The basic story can be broken down like this: chemicals get poured in river, monster spawns, monster captures daughter, dysfunctional family goes to save daughter, government = jackasses, America = "you suck!", CLIMACTIC MONSTER BRAWL (...with bad CGI fire). Fin.
Pretty standard stuff, right? Wrong! If you want an average, generic monster movie, then wait for the sure-to-be-disappointing Hollywood remake. Meanwhile, this excellent genre mishmash of comedy, horror, action, political satire, family drama, all around weirdness and just balls-out fun... well, you're not likely to find much better.
The first fifteen minutes alone provides a sequence far unlike anything you'd normally see in films of this sort (you know, the kinds that involve some form of monsters/aliens/giant sharks/females on their monthly cycle/etc.). In broad daylight, the bizarre-looking creature comes thrashing across the riverside, mowing down unsuspecting citizens in hilariously weird fashion. It's the type of sequence that both bewilders and exhilarates, and certainly sets the standard for scenes to follow. (Which is a fortunate change of events, because the movie's opening sequence features some of the worst American acting I've ever seen.)
Though nothing quite reaches the heightened awesomeness of the monster's introduction, THE HOST still satisfies in ways most movies don't even attempt. Until recently, America just about had the whole "big action blockbuster" market completely tapped, while foreign cinema had cornered the more artistic and creative side of it. Here, Korea has managed to bring both styles beautifully together, delivering a movie that's as emotionally compelling as it is intense and exciting. When you're not busy clenching your toes in wonder of what could possibly happen next, you'll be laughing hysterically at the film's darkly campy sense of humor.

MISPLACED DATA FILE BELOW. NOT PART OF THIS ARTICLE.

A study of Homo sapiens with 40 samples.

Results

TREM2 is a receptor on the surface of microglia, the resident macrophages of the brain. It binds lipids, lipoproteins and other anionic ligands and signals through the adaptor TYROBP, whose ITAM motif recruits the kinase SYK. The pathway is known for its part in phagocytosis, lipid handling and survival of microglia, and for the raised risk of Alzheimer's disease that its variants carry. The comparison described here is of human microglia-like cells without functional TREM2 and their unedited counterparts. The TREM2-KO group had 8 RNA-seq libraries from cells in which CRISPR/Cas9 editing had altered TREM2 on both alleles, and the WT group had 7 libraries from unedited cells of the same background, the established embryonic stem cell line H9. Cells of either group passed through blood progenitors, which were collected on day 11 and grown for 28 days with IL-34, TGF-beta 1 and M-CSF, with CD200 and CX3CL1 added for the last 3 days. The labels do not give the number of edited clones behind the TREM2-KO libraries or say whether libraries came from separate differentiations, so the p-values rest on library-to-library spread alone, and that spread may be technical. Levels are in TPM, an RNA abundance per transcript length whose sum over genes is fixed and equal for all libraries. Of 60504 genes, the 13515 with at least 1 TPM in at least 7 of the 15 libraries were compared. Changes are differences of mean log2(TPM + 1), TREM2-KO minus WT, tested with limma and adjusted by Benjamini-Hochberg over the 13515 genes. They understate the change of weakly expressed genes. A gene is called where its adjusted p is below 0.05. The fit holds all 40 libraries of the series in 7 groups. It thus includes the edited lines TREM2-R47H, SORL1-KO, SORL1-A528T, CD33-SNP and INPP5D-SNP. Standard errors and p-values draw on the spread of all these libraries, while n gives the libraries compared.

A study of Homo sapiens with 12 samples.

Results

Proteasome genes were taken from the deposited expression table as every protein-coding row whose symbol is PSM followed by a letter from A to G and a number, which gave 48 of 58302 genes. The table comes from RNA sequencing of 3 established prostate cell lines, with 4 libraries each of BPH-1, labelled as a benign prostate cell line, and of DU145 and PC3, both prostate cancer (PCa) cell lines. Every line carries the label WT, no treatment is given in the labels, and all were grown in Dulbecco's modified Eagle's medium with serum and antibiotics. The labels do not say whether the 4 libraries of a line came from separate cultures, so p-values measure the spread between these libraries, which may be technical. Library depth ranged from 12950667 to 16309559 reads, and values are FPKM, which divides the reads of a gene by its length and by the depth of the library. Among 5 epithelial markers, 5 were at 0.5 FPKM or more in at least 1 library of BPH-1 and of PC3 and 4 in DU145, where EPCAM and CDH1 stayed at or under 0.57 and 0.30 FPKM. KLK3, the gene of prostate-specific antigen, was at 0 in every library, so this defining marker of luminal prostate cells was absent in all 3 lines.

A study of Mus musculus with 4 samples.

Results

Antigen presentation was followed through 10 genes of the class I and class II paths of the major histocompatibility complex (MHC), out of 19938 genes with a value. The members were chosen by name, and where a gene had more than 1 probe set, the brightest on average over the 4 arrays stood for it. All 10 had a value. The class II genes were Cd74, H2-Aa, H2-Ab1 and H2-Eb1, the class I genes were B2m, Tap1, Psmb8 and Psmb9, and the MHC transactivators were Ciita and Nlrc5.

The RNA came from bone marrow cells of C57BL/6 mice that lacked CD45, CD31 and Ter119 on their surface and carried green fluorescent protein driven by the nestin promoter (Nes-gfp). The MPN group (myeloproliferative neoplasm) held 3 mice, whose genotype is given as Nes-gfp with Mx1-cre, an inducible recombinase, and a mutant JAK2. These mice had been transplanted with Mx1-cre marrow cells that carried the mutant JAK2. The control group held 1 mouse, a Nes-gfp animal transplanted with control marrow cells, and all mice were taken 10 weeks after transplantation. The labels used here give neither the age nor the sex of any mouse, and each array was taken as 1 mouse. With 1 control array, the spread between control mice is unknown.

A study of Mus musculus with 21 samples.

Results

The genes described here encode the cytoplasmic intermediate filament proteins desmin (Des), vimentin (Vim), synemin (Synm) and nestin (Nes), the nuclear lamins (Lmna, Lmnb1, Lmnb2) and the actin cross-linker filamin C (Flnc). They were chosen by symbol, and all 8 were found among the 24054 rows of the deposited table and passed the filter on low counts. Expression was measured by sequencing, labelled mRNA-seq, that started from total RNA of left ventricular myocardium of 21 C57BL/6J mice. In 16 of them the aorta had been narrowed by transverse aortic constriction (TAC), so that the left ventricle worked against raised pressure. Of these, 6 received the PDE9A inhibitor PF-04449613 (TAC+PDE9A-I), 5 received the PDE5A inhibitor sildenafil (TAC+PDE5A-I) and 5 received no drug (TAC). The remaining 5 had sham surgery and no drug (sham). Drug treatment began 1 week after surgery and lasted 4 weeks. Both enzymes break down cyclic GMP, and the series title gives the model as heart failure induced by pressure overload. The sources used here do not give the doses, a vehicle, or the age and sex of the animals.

Further setting apart THE HOST from your standard creature feature is the excellent cast. Each of the actors add a goofy charm to their respective family members, also giving a great sense of realism in that they have trouble cooperating and oftentimes screw up. Kang-ho Song is particularly engaging as the likable but not-so-bright father, who acts as the unintentional advancer of the plot, since it's his mistake that leads to his daughter's capture. It's a pretty devastating moment, but it's hard to feel too bad when you get such an amazing movie because of it.
Audio Commentary (with director Bong Joon-Ho): This track is in English, surprisingly, and it's exactly the sort of in-depth piece one might hope for. Accompanying Joon-Ho is a notable Asian film critic, who helps steer the conversation in worthwhile directions.
Director Bong Joon-Ho's Reflections (5:24): As the titles suggests, this featurette has the director discussing his movie. He also spends a lot of time apologizing to actors whose scenes he had to excise.
Deleted Scenes (23:20): Mostly, these are just additional characters bits and such, but there some great moments with the monster as well.
Deleted News Clips (4:38): Sort of an extension of the deleted scenes, this extra allows you to see in full the news segments littered throughout the movie.